Malawian woman jailed over WhatsApp voice note

“Spreading lies against other people on social media is a dangerous criminal act.”

Globally, it is now no longer criminally safe to post and spread false allegations against other people because the law is now biting deep in the flesh.

Unbeknown to many, especially in the South-eastern country of Malawi, a former British protectorate, spreading lies on social media platforms, such as Facebook, Twitter, WhatsApp, Instagram and LinkedIn among others is a criminal offence that can send one to prison and at the same time give one a the criminal record on their person.

WhatsApp voice note gets woman in jail

A 38-year-old Malawian woman has been jailed for spreading lies through a WhatsApp voice note

“Many people are abusing social media these days to spread lies, insults or defamatory statements against innocent people and think it is okay.

“NO, it is not okay. It is a crime and anyone out there doing this kind of stuff, be warned. You can go to jail for it,” The Chief Resident Magistrate Court in Lilongwe has warned in its determination.

Chief Resident Magistrate Patrick Chirwa earlier this week convicted and sentenced a 38 year old woman, Ireen Chisulo Majiga to pay a K50,000.00 fine or serve one months imprisonment for publication false news likely to cause fear and alarm to the public contrary to Section 60 (1) of the Penal code.

The Chief Resident Magistrate Court, through state prosecutor Sub-Inspector Humphreys Makhariha, heard that on March 15, 2021 the accused published a false voice note about a certain suspect who is on remand answering defilement case.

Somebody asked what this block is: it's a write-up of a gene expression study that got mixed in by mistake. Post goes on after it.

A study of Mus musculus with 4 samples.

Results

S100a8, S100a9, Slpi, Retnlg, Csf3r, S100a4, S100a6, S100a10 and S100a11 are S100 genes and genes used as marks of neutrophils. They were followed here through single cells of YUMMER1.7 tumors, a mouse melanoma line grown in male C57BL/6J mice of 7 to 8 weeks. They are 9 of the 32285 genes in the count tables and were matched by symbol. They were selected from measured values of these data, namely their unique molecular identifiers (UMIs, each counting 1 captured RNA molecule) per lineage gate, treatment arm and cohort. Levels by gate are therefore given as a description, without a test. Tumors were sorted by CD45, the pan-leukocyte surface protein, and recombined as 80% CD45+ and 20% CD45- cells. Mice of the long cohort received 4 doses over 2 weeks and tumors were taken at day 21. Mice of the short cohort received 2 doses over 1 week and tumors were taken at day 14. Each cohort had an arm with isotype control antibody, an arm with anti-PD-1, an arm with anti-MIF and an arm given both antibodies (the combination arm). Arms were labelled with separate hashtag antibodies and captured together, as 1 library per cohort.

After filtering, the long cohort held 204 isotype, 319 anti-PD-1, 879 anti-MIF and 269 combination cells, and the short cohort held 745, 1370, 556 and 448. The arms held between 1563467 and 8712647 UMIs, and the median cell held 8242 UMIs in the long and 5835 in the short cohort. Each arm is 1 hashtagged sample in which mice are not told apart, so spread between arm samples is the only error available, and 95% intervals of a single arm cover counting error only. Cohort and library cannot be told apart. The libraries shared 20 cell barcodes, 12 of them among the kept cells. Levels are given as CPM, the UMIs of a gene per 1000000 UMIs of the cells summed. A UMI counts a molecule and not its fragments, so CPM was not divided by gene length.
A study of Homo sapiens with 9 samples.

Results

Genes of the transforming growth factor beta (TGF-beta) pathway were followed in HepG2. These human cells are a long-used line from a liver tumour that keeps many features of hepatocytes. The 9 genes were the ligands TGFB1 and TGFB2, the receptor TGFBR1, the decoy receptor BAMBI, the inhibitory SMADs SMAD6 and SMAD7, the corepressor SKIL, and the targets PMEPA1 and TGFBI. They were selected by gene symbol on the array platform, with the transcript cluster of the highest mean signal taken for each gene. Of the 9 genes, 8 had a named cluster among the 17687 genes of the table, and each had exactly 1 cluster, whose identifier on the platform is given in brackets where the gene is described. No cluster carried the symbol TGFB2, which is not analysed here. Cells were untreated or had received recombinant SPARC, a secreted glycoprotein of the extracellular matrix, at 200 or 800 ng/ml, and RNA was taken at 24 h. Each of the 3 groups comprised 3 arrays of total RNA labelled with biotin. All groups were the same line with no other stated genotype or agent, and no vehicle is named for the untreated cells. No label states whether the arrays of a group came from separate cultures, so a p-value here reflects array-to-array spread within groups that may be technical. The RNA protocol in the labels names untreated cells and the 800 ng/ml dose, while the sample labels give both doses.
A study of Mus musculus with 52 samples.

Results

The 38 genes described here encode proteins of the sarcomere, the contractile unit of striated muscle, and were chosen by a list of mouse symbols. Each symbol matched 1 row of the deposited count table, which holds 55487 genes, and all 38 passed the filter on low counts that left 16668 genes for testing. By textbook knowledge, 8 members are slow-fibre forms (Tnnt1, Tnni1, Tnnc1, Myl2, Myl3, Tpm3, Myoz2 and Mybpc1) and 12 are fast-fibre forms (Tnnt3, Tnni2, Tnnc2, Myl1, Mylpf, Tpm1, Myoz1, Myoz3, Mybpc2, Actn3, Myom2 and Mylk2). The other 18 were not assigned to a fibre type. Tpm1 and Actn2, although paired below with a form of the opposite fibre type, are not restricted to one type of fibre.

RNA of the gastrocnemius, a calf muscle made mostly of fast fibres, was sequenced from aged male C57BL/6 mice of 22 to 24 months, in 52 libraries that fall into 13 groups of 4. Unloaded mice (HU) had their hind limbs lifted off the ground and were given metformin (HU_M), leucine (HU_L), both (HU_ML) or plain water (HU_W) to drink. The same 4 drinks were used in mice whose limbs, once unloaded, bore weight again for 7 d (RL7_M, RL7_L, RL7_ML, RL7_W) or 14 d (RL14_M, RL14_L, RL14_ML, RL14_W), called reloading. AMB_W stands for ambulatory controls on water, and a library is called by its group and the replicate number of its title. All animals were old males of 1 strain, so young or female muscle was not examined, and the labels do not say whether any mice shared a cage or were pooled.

Makhaliha further told the court that in her voice note that went viral on social media, the woman claimed that the defiler had been released dubiously .

The Cyber crime unit investigated the matter and arrested Majiga.

Appearing before court, Majiga pleaded guilty to the charges levelled against her .

In his submission, Makhaliha asked the court to impose a stiff sentence on Majiga, saying this tendency of spreading false news publicity on social media is increasing and it brings unrest to the public.

Passing sentence, Chief Resident Magistrate Patrick Chirwa concurred with the state and ordered Majiga to pay a fine of K50,000.00 or in default to serve one month imprisonment with hard labour.

Meanwhile the suspect has paid the fine and has escaped incarceration but she has a criminal record as a convict on her head.

In his ruling, Chiwa said, the offence attract a lighter punishment currently as the country’s laws has not yet been updated and amended according in tandem with the modern times. There is need to repeal these laws to align them with modernity so offenders can get stiffer punishments.

“Spreading lies against other people on social media is a dangerous criminal act as this can not only cause panic and alarm to the general public but also has an adverse impact to the concerned individuals because of cyberbullying and people have committed suicide because of this,” Chirwa said.

The convict, Majiga, hails from Manase village, Traditional Authority (T/A) Chigaru in Blantyre District.